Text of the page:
In today’s Academic Minute, Dr. Marie-Claire Beaulieu of Tufts University discusses how the Internet has increased access to ancient texts.
Marie-Claire Beaulieu is an assistant professor in the Department of Classics at Tufts University where her teaching and research interests include Greek religion, Epigraphy, Medieval Latin, and digital humanities. She earned her Ph.D. at the University of Texas at Austin.
Dr. Marie-Claire Beaulieu - Digitizing Ancient Texts
Digital tools provide unprecedented access to ancient documents by removing physical and social barriers. No matter where one lives and no matter whether one is affiliated with a university or not, it is now possible to engage with ancient culture online, receive the guidance of specialists, and even contribute to the creation and dissemination of knowledge. In fact, large scale digitization projects in recent years have provided a store of materials that is too vast for a comparatively small number of scholars to tackle on their own. Thousands upon thousands of texts, manuscripts, inscriptions, and papyri are now online under open access licenses, just waiting to be edited, translated, annotated, and enjoyed by all.
For this reason, teams of humanists and software developers have been creating tools to allow users at any degree of expertise to access and process these documents. Projects such as the Perseids platform, the Homer Multitext, Papyri.info, and Pleiades let users choose tasks to perform at various levels of difficulty. For instance, someone who knows the Greek alphabet can transcribe an inscription from ancient Athens, even if they do not know ancient Greek. Someone who has a passion for geography can annotate the names of ancient cities in a digital library, and history buffs can create links to form a dossier of documents describing important ancient battles. In a classroom setting, this means that undergraduate students can use their skills at a professional level from the very start of their training. Students in beginning Latin classes can transcribe medieval manuscripts, and their colleagues in more advanced courses can translate and annotate them.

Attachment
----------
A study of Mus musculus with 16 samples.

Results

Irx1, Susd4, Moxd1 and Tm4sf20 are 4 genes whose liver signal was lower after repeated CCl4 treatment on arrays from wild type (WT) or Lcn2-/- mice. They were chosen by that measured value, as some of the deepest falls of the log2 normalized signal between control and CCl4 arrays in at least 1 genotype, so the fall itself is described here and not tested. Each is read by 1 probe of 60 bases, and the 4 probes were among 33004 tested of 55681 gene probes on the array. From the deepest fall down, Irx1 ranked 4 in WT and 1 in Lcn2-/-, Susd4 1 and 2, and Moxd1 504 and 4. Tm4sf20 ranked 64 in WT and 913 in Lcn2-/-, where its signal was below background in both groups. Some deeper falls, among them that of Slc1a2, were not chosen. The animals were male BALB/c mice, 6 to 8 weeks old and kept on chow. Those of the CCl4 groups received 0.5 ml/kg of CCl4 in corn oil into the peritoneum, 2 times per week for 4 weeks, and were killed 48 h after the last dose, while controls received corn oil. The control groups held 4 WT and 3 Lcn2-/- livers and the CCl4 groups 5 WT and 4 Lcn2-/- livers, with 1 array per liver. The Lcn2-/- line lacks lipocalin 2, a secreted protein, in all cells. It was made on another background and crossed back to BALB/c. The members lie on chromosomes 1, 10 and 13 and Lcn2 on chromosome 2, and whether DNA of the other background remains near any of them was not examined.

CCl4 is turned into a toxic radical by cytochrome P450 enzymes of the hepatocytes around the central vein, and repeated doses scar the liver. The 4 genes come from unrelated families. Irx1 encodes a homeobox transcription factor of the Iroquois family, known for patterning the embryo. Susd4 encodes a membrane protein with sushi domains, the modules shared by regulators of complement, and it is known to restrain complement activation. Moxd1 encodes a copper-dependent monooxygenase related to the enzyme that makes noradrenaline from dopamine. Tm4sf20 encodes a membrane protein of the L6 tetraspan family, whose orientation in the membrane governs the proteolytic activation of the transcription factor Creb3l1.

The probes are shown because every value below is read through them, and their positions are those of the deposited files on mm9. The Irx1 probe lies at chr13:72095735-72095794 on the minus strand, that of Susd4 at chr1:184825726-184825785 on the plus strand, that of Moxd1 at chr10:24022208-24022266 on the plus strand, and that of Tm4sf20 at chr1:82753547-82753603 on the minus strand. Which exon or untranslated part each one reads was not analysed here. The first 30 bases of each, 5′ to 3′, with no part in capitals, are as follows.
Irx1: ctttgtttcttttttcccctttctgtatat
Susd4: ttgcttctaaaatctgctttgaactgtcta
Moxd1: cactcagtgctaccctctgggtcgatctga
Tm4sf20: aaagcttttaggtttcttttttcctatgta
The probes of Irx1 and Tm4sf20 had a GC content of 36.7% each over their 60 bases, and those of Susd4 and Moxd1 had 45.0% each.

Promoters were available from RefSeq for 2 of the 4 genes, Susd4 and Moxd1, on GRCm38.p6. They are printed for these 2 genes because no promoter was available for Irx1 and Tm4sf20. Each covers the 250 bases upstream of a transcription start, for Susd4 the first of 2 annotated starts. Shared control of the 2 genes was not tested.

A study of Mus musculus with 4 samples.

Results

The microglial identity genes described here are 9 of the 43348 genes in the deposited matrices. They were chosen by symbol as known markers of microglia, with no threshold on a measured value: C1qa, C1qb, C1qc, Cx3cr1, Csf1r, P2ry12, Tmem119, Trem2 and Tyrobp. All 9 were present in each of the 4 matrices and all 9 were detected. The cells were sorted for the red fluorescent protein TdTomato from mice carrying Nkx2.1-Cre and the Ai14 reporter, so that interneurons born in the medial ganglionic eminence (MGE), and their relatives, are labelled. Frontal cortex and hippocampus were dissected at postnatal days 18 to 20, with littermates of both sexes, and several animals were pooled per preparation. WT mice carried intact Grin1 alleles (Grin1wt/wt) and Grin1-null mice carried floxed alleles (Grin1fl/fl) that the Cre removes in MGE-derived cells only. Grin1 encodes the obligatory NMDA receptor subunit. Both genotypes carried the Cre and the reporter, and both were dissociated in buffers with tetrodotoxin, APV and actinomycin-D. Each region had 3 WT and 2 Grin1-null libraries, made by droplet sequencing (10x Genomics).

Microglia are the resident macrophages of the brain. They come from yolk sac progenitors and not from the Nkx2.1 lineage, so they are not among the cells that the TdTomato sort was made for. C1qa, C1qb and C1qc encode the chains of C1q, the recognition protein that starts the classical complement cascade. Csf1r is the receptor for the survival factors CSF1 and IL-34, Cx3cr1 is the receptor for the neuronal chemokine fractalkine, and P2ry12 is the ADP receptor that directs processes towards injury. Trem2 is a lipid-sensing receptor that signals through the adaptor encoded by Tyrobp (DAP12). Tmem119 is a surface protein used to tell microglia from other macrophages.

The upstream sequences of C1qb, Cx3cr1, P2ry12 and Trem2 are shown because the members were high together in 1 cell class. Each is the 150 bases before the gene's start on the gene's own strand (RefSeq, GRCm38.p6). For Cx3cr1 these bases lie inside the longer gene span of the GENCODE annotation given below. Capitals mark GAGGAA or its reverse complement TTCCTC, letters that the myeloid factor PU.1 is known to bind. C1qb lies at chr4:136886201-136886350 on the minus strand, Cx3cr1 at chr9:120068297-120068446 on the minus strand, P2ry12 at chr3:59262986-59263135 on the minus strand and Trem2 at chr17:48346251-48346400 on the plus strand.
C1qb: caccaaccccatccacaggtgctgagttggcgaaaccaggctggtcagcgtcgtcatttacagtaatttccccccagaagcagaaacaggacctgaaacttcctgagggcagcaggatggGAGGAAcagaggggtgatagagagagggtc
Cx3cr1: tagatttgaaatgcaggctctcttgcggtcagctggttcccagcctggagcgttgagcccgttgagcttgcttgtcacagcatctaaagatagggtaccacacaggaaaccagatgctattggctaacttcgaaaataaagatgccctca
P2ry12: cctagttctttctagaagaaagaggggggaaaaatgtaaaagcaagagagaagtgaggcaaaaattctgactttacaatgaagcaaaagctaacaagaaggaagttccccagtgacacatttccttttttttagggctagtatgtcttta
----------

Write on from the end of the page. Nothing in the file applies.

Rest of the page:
At every step in this process, online platforms provide access to specialists. User forums are available to ask questions and share knowledge, and review boards ensure the quality and consistency of the information published. In one workflow involving many contributors, we go from analyzing the minutiae of each text to asking questions that help us understand where each document fits in the broader cultural map of the world. In this way, new digital tools help us capture the past and understand it in relation to the present.